KAMPALA – The Ministry of Health has expressed concern over the high number of caesarean section deliveries, especially in private hospitals, wondering whether they are deliberately induced by hospital owners for financial gain.
Caesarean section, also known as C-section or caesarean delivery, is the use of surgery to deliver babies. It is often applied when it is deemed a vaginal delivery would put the baby’s or mother’s life at risk.
The concern was raised at the release of the Annual Health Sector Performance Report on Tuesday, which indicated that the average rate of C-sections in the general Hospitals increased to 28 per cent in the 2017/2018 from 25 per cent in the 2016/2018 financial year with Nakasero Hospital in Kampala recording the highest rate.
“The number of caesarian sections is very high and the question is; could it be for commercial purposes because you pay more than the normal deliveries? All these questions need to be answered,” said Dr Henry G. Mwebesa, the acting Director General Health services at the ministry.
According to the report, regional Referral Hospitals saw C-sections increased to 31.4 per cent in 2017/2018 financial year from 28 per cent in 2016/2017 financial year. Nsambya Hospital recorded the highest C-section rate followed by Lubaga Hospital.
The Financial Year 2016/17 report had indicated that Soroti and Nsambya hospitals had the highest C-section rates at 48 per cent followed by Lubaga (38 per cent) and Mengo (37 per cent). The lowest C-section rate was registered in Masaka Hospital at about 7 per cent.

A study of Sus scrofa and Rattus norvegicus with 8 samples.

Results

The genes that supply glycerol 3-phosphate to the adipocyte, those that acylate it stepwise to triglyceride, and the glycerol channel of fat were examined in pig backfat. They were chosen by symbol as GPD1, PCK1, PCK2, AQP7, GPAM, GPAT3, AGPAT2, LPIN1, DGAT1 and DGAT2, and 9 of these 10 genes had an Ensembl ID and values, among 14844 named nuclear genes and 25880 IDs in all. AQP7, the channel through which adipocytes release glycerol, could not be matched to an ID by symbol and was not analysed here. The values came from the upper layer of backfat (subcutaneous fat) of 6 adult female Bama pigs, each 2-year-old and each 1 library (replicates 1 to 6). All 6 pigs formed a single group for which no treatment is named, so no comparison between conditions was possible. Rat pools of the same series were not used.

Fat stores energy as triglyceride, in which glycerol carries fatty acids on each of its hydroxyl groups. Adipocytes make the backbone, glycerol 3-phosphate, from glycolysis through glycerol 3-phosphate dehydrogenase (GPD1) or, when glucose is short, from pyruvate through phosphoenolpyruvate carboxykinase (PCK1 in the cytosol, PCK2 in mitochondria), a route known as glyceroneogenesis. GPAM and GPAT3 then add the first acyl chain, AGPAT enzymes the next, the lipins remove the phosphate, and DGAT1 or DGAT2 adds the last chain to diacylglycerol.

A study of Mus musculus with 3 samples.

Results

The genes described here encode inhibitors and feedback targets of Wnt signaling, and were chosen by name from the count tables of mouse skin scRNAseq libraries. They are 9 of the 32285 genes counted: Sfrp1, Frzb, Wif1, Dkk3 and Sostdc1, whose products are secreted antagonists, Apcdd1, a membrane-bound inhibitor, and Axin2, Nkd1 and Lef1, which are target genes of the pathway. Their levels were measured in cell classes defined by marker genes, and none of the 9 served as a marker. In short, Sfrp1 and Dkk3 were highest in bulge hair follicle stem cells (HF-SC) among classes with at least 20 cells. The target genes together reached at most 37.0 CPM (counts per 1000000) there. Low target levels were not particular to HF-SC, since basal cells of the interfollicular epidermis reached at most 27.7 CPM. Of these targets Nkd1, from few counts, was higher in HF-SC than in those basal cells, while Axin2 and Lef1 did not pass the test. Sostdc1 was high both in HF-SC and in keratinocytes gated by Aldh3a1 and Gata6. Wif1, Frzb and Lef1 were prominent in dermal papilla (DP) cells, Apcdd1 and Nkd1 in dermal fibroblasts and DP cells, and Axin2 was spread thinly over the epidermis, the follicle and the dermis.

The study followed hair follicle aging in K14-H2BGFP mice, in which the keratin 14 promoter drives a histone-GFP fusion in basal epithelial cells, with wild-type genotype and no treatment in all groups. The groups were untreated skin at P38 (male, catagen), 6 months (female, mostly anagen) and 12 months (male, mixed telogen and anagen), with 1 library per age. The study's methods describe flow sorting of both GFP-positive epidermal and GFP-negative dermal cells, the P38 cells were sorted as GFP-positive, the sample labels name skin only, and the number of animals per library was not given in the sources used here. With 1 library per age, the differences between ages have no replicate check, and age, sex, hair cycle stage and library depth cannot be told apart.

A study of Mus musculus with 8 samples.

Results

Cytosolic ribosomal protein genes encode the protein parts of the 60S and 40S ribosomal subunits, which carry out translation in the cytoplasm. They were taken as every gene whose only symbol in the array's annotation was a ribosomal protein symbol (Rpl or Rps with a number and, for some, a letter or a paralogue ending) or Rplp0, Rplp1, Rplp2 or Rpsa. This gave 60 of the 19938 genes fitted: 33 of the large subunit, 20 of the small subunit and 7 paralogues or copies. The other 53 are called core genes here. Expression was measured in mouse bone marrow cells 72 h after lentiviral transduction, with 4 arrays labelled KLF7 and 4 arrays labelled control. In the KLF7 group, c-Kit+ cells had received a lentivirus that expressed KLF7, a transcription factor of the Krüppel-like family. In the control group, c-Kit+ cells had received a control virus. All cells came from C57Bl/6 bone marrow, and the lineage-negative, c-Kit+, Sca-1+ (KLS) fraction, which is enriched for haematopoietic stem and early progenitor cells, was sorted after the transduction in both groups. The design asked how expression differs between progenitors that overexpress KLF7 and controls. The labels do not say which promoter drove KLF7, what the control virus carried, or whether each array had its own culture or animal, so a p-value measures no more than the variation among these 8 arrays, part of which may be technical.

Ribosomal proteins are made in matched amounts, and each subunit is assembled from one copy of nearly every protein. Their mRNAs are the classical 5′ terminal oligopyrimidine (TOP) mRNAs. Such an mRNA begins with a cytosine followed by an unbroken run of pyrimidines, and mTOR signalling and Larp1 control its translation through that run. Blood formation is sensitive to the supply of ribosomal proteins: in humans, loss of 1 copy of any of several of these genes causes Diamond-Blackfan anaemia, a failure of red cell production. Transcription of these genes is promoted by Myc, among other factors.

The 2017/18 report also indicated that Mukono Town Council HC1V, St Paul HCIV, Mpigi HCIV, Rwekubo HCIV and Kyegegwa HC1V had the highest number of C-sections.
However, Dr Othiniel Musana, an obstetrician and gynaecologist at Nsambya Hospital, explained that the C-section cases are high due to the big number of mothers who report with delicate conditions.
“Risky pregnancy women are normally sent to Nsambya. Secondly, due to lifestyle changes, women tend to have bigger babies,” he adds.
Dr Musana said the hospital cannot put an expectant mother on C-section on the basis that she has requested for it if she has no observed risk of complication during her antenatal visits.
However, he says some for-profit private hospitals offer C-sections upon request by mothers.
“Private-for-profit health facilities perform C-sections even when they are not necessary but sometimes expectant mothers put doctors on pressure to have the procedure as an option for delivery,” he says.